Posted: 4:17 p.m. Friday, June 21, 2013
By Jon Miller
On the Internet, your prospects and customers are telling you all about themselves, and they're expecting you to pay attention.
There’s a famous New Yorker cartoon from 1993 with two dogs, one sitting at a computer telling the other, “On the Internet, nobody knows you’re a dog.”
The thing is, that’s no longer the case. It’s no longer 1993. Not only does the Internet know you’re a dog, they know you’re a French Bulldog named Manny, and that’s because you have your own Instagram account. The same is true for people. We tell Twitter about our favorite sports teams, Yelp about what restaurants are worth checking out, and Facebook about what brands we like. Hulu even has a button that lets you tell it if the ad being shown to you is relevant.
We tell the Internet where we are and what we do, and successful marketers listen. Targeted marketing has become so prevalent that it’s outright funny when poorly targeted ads reach our screens. I’m a married father of two, and I get a good laugh in every time JDate wants to help me find love. It’s easy to laugh about that example, but what if your business was on the line? What if you have a big miss with a message sent to a CFO? Then it’s not so funny. On the Internet, your prospects and customers are telling you all about themselves, and they’re expecting you to pay attention and use that information to be more interesting, more engaging, more relevant.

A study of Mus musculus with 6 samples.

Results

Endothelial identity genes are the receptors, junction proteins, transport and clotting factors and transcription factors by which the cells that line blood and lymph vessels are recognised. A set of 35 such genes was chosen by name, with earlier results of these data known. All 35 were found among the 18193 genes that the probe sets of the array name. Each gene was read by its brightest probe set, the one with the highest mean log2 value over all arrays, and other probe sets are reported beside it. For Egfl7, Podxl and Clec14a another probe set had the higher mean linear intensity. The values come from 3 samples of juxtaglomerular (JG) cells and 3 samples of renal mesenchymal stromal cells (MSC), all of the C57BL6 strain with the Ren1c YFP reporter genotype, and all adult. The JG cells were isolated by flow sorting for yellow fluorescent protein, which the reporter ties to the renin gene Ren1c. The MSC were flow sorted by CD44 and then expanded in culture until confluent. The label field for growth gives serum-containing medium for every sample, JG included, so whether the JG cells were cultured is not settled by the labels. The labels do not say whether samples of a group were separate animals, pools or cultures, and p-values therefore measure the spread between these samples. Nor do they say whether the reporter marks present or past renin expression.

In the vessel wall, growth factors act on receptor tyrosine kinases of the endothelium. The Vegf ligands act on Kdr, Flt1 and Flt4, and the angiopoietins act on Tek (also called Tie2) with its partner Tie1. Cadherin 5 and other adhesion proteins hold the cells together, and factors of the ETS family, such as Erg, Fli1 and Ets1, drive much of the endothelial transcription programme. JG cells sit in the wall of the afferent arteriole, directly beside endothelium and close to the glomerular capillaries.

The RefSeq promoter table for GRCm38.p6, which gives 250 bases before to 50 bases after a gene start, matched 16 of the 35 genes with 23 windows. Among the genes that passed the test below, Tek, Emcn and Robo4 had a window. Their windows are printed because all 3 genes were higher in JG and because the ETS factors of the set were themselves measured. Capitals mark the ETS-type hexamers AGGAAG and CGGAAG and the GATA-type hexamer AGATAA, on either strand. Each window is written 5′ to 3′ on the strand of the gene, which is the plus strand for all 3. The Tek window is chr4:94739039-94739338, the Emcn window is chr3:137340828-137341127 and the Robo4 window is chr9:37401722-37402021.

Take for example what Cate Vanasse, Senior Marketing Manager, Customer Success at Egencia, is doing. Egencia is the business travel division of the world’s largest online travel company, Expedia, Inc. and Cate’s program is at the cutting edge of relationship marketing:
Pay attention to C-Level traffic. Cate uses marketing automation software to ask website visitors to tell Egencia about themselves -- their title, their location, their company, etc. This way, she knows when someone at the C-Level is browsing her page (not a common occurrence). The bulk of Egencia’s traffic comes from corporate travel managers, so when a CFO drops by, Egencia’s team pays attention. If the executive is a customer, s/he may be looking to price alternatives. If not a customer, it could be a good idea to send the executive a whitepaper about how to make the most out of business travel. Either way your company needs to be prepared for what could come next.
It’s not all about you. What you’re really doing with customers and prospects is having a conversation. Just like a personal conversation, the easiest way to end it is to talk exclusively about you. In fact, some of the best communication is educational or entertaining to the person on the other end of the conversation. For example, earlier this year, when sequestration threatened to cause massive travel delays, Egencia gathered information and sent their travel manager customers a travel update about how to prepare. That’s a valuable email that helps build a relationship.
Sometimes the best conversation isn’t over email. What ever happened to a phone call? Technology today lets us automate marketing communications really well, but sometimes the best way to connect to your customer is to give them a call. Egencia’s senior leaders frequently call customers to ask them about the service, what could be better, and what’s working well. Sending a customer survey is a good way to get a big picture, but talking to customers is a great way to get the details that matter. It can’t be all about email. Listen to what’s being said on social networks and join the conversation. Talk to customers on the phone. Make sure the resources on your website are informative and entertaining, not just promotional. And then coordinate it all together into a seamless conversation.
How are you using consumer intelligence to be more relevant and engaging with your customers?